It’s unavoidable. In our modern age driven by computers with processing power that just gets bigger by the day, it’s difficult to get past the crush of numbers and data analysis. It’s so prevalent that it’s become an entire genre of news: data journalism. Nate Silver’s 538 is the poster child for the movement, but it’s something that’s been a long time coming: if we crunch the numbers, what do we learn? What does it mean? And more importantly for marketers, how do we communicate it?
Communication is the key thing to focus on. Reams of data aren’t hard to come by, but it takes time, effort, and energy to sift through it all and create a coherent picture out of it. Modern computing technology makes that a lot easier, and you don’t even need to be a statistician to do it (as long as you’re backed by credible sources). The key advantage data journalism has over traditional think-pieces is an air of objectivity that gives it the ability to cut through the noise; here are the numbers and what they mean.
And then they make it easy to digest.
That can be an infographic, an interactive web app, or simply an article that lays it all out with clear illustrations where needed – and a keen sense of how to dumb things down just enough so that it doesn’t sound like you’re dumbing anything down.
A great example is 538’s presidential election forecast tool, reproduced below.
What this tool does is give you the ability to easily sift through mountains of data and forecasting models in order to get a sense of how the election looks right at that second according to the available information. You don’t have to go through a single spreadsheet to do it, and there isn’t even any explanatory copy there to tell you what it means. It’s graphically represented and supremely straightforward.
You can look at three separate forecasting models, and look at how the various averages have changed day by day since they started tracking. This tool gives you a top-down data-driven view of the election as it stands, based on reliable numbers. If you want to go more in depth, they’re happy to take you down that road with detailed analyses of where these numbers come from and what they mean, but at the end of the day, you’ve got the web app feeding the numbers to you in an easy-to-understand way.
This can be done in all kinds of ways; it doesn’t have to be an interactive application, and the data doesn’t even have to be about anything super important, as long as it matters to the audience.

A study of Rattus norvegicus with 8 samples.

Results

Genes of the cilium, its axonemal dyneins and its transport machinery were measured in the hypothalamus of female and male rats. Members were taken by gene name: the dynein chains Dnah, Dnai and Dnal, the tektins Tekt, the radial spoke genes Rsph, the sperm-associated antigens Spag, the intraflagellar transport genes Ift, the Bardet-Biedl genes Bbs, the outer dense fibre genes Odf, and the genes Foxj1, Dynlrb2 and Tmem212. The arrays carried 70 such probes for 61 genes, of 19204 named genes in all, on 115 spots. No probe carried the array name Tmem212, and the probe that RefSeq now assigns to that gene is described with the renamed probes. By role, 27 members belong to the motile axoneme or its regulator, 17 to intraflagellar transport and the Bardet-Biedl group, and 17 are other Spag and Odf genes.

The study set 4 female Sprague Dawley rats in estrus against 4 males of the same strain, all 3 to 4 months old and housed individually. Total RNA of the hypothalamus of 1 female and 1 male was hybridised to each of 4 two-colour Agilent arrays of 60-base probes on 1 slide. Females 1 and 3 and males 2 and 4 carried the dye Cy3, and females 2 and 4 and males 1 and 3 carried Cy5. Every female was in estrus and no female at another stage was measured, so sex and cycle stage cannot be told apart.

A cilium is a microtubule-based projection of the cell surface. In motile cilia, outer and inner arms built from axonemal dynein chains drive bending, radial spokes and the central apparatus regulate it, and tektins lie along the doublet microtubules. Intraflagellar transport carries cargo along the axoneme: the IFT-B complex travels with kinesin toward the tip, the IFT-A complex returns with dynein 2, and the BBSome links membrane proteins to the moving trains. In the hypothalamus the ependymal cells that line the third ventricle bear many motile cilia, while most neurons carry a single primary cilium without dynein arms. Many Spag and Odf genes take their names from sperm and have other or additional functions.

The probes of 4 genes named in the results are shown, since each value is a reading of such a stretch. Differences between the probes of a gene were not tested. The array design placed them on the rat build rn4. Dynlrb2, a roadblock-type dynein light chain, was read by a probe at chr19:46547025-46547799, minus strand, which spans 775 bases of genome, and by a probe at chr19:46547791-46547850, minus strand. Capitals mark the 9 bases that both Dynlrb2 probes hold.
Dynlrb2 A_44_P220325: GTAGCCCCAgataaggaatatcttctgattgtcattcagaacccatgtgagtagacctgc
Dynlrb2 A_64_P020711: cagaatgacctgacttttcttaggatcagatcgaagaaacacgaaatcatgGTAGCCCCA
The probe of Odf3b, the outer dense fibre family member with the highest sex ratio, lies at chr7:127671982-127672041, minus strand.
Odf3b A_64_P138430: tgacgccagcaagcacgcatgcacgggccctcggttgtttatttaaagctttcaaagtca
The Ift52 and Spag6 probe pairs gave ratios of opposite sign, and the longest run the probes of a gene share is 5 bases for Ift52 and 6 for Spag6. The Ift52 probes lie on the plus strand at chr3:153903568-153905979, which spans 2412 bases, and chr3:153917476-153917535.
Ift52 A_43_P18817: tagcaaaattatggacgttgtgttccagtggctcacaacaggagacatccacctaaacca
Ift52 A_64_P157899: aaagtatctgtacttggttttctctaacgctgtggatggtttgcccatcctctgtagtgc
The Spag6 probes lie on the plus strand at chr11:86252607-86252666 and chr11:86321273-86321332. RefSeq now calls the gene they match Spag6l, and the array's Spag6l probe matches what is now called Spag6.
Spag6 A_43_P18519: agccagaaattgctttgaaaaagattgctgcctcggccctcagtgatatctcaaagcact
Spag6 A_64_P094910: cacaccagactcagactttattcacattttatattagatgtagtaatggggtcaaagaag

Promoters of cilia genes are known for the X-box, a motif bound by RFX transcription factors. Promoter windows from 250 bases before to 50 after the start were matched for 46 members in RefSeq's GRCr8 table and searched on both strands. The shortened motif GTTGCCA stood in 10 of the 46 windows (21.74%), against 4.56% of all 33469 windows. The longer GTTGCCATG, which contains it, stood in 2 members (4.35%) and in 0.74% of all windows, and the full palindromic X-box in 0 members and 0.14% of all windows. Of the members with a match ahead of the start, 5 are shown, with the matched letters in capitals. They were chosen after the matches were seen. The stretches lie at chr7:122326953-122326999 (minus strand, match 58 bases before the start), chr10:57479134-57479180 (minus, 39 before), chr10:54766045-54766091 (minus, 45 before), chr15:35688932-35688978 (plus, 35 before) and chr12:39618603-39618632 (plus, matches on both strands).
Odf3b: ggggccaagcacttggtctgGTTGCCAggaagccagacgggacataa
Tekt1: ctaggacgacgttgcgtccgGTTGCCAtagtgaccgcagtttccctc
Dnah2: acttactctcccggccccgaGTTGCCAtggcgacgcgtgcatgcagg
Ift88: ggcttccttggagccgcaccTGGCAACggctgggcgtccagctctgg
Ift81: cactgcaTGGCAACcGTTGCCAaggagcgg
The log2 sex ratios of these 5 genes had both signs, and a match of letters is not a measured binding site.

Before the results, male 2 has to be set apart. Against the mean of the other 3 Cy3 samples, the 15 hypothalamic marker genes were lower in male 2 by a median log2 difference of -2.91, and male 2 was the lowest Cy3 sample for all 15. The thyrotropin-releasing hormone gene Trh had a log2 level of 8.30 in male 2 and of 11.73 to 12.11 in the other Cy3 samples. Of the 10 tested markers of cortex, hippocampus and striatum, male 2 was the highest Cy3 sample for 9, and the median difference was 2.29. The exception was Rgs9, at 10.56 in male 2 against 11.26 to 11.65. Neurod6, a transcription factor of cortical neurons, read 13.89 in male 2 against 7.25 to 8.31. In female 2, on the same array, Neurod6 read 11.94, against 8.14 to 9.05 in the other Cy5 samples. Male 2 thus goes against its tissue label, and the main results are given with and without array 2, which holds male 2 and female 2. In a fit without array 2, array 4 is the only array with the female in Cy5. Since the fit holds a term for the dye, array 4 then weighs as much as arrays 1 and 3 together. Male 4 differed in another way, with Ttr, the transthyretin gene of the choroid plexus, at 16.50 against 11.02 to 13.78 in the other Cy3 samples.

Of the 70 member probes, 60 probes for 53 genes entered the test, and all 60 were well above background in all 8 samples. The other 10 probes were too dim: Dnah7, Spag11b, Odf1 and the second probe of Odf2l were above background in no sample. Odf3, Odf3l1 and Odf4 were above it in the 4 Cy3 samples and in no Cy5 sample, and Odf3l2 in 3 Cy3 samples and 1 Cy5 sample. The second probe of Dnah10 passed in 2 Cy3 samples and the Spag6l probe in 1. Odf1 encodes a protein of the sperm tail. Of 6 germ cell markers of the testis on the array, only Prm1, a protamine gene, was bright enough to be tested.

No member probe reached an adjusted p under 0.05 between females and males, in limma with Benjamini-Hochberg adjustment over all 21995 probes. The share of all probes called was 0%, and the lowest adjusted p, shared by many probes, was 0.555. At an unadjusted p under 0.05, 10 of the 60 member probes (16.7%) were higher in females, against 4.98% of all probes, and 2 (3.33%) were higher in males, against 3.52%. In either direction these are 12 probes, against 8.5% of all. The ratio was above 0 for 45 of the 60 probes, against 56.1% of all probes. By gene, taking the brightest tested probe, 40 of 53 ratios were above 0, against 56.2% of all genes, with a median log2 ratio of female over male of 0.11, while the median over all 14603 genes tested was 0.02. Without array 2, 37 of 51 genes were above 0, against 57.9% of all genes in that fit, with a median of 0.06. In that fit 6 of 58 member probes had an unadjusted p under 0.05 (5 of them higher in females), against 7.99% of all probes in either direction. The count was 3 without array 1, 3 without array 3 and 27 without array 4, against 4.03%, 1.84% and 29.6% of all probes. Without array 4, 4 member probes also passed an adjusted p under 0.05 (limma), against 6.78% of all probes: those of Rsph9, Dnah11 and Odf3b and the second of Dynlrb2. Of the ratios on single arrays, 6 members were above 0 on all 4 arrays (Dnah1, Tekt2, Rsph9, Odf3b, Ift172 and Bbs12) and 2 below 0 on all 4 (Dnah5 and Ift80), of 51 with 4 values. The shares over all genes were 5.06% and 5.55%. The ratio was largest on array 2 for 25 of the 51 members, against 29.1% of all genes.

So What’s This Mean for Marketing?
Information is persuasive.
Yes, data is easy to manipulate, and presented badly can just turn into a giant stack of numbers. But ultimately, it’s about taking numbers and telling a story.
Well, hey! That’s what we do, isn’t it? It’s not appropriate for every product or service you can sell, but if you’ve got hard numbers relevant to what it is you’re trying to move, it’s a great idea to find some way to make those numbers into a persuasive, easy-to-follow, share-worthy story. And the beauty of it is that, right now, very few people are doing it.
Most people aren't out there putting out this content regularly, which means that powerful, data-driven content marketing is a relatively untapped part of the landscape where you can fairly easily stand out from the crowd.
There are two ways to go about doing this: the easy way and the awesome way.
Both work. The easy way is pretty straightforward: mine the vast data resources of the Internet and turn out some killer infographics. Get your best design guys on it, pretty it up, and make it sing. The data’s all out there. It’s just a google search away. Watch. Google searches for things as varied as the number of car crashes in Chicago in 2011, how many people in the US are Type O-Negative, and the average age of Kentucky Derby jockeys all returned relevant search results. And that’s all off the top of my head based on things I saw in my office. It’s not hard to find great data that backs up or otherwise supports your marketing goals that you can gussy up and set out on the internet.
Then there’s the awesome way.
The Awesome Way
The awesome way is where thought leaders go. It’s difficult to do, involves a significant outlay of time and resources, and would set you apart as a major industry force.
See, anyone can go googling around for numbers. But very few people are out there generating their own data. Curating and analyzing data would set you apart in a monstrous way, giving you information and leverage that few else can offer. That makes you the sole source for this kind of industry analysis – the fact is that you have data. Unless you’re a brand-new business, you’ve got years of sales data, customer forecasts, and more that you can transform into valuable content your ideal clients will really respond to.
So why not start digging? If you can spare the time and manpower, it’s an amazing way to start putting out really transformative content marketing materials that are sure to get attention.